Gordon Campbell on the escape flights from Thailand, and on taxing people for flying long distances.
While the Australians are laying on special Qantas flights out of Thailand in order to rescue their citizens from a situation that could turn violent at short notice, our government is crossing its fingers that it can get the circa 200 New Zealanders out, before things turn ugly.
This is quite some gamble with peoples’ lives. Currently, as John Key told a press conference yesterday , “ the first option” for any passengers wishing to exit Thailand is via the small military base at Utapao, 140 kilometres southeast from Bangkok, which requires a two and half hour road journey. Judging by the chaotic scenes at Utapao screened on al Jazeera television last night, many travelers could be facing up to a five day delay in getting flights. The Malaysian news service Bernama is also reporting that the lack of facilities and extortionate taxes at Utapao are also an issue :
“Due to lack of facilities at the naval base airport of Utapao, the Thai authorities declined to grant more slots to airlines, which are struggling to cope with thousands of stranded passengers and growing demand to leave the country as fear of coup and violence rises. There are only three check-in counters and one luggage scanner at the airport, but authorities are making it more difficult for the frustrated passengers who had to fork another 400 baht for airport taxes despite already paying 700 baht in their original tickets.
Clearly, with landing slots now at a premium at Utapao, New Zealand may have missed its opportunity to get a rescue flight up and running, even if we wanted to. The more nimble Australians have arranged two Qantas flights now, operating out of Phuket to Singapore. To some extent, the cost of New Zealand putting on a rescue flight has been allowed to outweigh the risks and inconvenience to the travelers caught up in the crisis. As Key told his press conference, there had been “a cost element” involved in the decision not to emulate what the Australians had done. “But obviously, if that was the only alternative we would pursue it”.
The equally obvious problem with that approach is that if – as the government expects – the situation in Thailand does deteriorate, it will then be virtually impossible to mount a rescue mission.
2. Flights of fancy. It has been a bad fortnight of aviation news for the new government and for Air New Zealand, and not simply due to the Airbus crash. While Key was in Britain, his meeting with Gordon Brown was dominated by news of a British plan ( phasing in from late 2009) to penalize air travellers based on how far they fly. Key was concerned about the large boost in duties set to apply in future to people flying to this country from the United Kingdom, and the likely impact on tourism.
Bad news for our tourism industry ? Yes, but the plan could have been worse. Though it is dressed up as an environmental measure, the four bands of distance that set the relevant levies all cut out at a maximum of 6,000 miles. Meaning : if you are going from London to Auckland you pay only as much as if you were flying a lesser distance, from London to say, Capetown. In reality, the extra distance to New Zealand is not being savagely penalized, If you are flying from London to Cyprus for instance, you will pay only 10 pounds less than if you were flying all the way on to Auckland. As the travel writer Simon Calder says in the Independent newspaper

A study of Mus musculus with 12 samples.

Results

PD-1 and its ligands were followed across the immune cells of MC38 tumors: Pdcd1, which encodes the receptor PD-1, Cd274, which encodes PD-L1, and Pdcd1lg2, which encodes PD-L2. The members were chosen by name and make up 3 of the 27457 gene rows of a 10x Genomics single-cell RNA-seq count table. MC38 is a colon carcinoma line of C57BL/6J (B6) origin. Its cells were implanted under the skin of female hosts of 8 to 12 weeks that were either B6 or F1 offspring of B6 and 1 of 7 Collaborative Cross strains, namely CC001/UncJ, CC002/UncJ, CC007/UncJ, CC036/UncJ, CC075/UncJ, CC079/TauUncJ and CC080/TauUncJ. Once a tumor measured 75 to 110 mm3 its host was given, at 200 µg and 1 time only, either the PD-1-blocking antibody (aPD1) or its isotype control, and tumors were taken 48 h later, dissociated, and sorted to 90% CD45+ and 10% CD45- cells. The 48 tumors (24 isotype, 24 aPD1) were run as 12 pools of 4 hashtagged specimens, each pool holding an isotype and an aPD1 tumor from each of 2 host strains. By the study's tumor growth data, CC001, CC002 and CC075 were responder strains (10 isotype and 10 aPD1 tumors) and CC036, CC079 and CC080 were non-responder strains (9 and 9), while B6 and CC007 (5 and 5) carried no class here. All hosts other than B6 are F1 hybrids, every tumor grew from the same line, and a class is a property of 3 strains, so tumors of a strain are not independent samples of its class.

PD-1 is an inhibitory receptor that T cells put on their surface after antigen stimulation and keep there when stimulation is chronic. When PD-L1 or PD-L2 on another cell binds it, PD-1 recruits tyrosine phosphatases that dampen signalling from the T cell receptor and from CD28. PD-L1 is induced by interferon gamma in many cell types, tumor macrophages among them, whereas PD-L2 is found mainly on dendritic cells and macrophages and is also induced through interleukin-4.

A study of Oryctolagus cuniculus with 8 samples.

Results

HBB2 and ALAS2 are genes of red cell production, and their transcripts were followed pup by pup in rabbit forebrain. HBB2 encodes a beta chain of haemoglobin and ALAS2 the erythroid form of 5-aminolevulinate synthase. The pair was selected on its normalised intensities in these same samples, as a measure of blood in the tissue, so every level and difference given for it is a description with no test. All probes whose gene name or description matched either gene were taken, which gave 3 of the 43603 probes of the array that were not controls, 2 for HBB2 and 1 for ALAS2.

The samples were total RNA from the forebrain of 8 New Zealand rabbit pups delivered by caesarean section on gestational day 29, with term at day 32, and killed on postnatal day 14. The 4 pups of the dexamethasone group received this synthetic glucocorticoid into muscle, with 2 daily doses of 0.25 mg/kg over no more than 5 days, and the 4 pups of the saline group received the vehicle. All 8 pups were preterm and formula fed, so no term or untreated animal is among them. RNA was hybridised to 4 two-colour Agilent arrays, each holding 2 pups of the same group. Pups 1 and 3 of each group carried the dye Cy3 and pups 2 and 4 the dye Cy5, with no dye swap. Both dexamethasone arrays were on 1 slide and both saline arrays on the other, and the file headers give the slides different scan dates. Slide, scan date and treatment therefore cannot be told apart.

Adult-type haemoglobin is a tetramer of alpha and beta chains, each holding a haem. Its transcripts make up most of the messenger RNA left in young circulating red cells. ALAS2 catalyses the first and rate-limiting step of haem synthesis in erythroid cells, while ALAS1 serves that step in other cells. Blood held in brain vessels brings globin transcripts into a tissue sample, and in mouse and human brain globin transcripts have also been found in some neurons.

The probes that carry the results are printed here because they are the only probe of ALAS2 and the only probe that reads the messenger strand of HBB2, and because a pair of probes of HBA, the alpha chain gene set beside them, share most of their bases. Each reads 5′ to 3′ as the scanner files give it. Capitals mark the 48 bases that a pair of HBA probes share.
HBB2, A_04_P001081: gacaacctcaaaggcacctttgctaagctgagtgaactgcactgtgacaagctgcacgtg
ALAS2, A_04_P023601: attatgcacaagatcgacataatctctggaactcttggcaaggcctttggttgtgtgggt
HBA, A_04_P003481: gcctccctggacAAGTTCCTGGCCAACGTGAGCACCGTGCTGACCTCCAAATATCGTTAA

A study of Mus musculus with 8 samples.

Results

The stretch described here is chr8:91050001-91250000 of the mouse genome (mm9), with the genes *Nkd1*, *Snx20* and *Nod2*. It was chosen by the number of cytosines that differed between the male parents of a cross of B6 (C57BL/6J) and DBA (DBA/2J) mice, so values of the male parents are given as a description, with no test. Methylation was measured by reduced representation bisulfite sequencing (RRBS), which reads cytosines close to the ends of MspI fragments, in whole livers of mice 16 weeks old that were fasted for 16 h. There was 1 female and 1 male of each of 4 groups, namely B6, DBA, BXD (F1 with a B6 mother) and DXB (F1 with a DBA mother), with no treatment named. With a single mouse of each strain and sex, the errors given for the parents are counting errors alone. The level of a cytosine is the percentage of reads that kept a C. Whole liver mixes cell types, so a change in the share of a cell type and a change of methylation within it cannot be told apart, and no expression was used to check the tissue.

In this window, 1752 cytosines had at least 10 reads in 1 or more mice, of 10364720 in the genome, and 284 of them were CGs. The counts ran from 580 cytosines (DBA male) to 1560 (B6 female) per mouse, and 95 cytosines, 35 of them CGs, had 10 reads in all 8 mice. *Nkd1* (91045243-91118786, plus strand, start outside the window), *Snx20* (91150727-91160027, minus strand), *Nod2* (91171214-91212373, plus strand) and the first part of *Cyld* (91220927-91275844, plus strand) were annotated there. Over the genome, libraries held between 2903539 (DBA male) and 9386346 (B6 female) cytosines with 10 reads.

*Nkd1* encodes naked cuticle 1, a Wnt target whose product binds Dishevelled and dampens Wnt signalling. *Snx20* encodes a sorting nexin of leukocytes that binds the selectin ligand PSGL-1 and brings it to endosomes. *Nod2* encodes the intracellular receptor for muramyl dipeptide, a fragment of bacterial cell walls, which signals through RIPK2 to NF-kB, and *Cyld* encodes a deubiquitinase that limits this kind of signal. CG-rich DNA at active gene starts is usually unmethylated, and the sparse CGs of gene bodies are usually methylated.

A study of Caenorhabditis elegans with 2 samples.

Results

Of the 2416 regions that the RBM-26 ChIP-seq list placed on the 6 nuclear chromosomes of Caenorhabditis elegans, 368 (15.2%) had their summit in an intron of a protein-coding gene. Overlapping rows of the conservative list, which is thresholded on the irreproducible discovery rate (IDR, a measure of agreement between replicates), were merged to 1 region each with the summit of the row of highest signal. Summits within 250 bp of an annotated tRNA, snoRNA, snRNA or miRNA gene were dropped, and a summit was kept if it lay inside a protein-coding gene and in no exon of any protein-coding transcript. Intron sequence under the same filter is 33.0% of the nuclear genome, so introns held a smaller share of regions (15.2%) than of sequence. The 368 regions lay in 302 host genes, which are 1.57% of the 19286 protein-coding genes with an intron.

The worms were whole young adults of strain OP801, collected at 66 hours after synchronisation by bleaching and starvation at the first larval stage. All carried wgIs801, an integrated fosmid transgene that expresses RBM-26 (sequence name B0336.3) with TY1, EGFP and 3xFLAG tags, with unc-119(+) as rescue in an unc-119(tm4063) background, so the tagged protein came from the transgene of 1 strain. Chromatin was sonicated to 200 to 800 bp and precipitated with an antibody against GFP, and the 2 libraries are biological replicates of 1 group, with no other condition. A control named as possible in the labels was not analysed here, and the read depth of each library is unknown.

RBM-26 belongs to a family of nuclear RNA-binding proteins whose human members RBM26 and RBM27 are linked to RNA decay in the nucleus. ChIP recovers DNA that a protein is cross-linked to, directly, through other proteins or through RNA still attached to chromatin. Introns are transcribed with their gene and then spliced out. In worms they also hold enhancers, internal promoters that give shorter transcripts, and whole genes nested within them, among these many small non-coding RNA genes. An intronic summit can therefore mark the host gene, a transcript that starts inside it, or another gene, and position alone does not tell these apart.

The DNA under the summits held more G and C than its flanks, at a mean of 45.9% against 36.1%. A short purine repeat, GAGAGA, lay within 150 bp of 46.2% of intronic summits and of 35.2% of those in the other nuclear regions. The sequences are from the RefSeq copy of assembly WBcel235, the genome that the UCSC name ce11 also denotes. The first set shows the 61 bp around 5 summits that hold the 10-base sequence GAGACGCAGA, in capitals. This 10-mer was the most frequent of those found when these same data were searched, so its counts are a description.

“New Zealand’s government will be relieved that passengers heading for that beautiful but distant nation will pay only £55 in duty for a flight of 24 hours or more, just £10 more than that four-hour hop to Larnaca. Yet ours expects us to believe that the odd tenner will make travellers think twice about visiting the far side of the world.”
In other words, Key would be well advised not to attack the plan on its handling of New Zealand – which, if anything, seems relatively benign. The better line of attack would be to stress that like the “food miles” argument, the current plan is flawed on environmental grounds. As Calder points out, private jets and air transport do not get hit by the change in air tax – even though, in terms of environmental impact per passenger, private jets routinely do more damage to the atmosphere. Moreover, the real damage is done in take-off and landing activity – not in the distance travelled. As Calder says :
The departure and climb phase of a Boeing 737 causes much the same harm whether a plane is flying 201 or 2001 miles. To reflect this, a fairly high tax should be applied to every flight, with marginal increases according to distance. In fact, the Government has done the opposite with a very low “entry-level” tax.
The impact on New Zealand would also be lessened if the peculiar way the distance was calculated – from capital city to capital city – was amended to eliminate the glaring advantage that this gives to Americans returning home and to Britons visiting the Land of the Free. A London to Washington DC distance calculation conveniently overlooks the fact that many travellers from London are going to California, or even to Hawaii – and thus they should be in the same distant and costly tax band as tourists flying to New Zealand.
Being both Tourism Minister and a self declared aviation nut Key will need to fight this one. Making sure we are fighting it on the right grounds though, is crucial. We better get good at it. Because however clumsy and unfair such taxes may seem to us on the far side of the globe, environmental taxes are the wave of the future.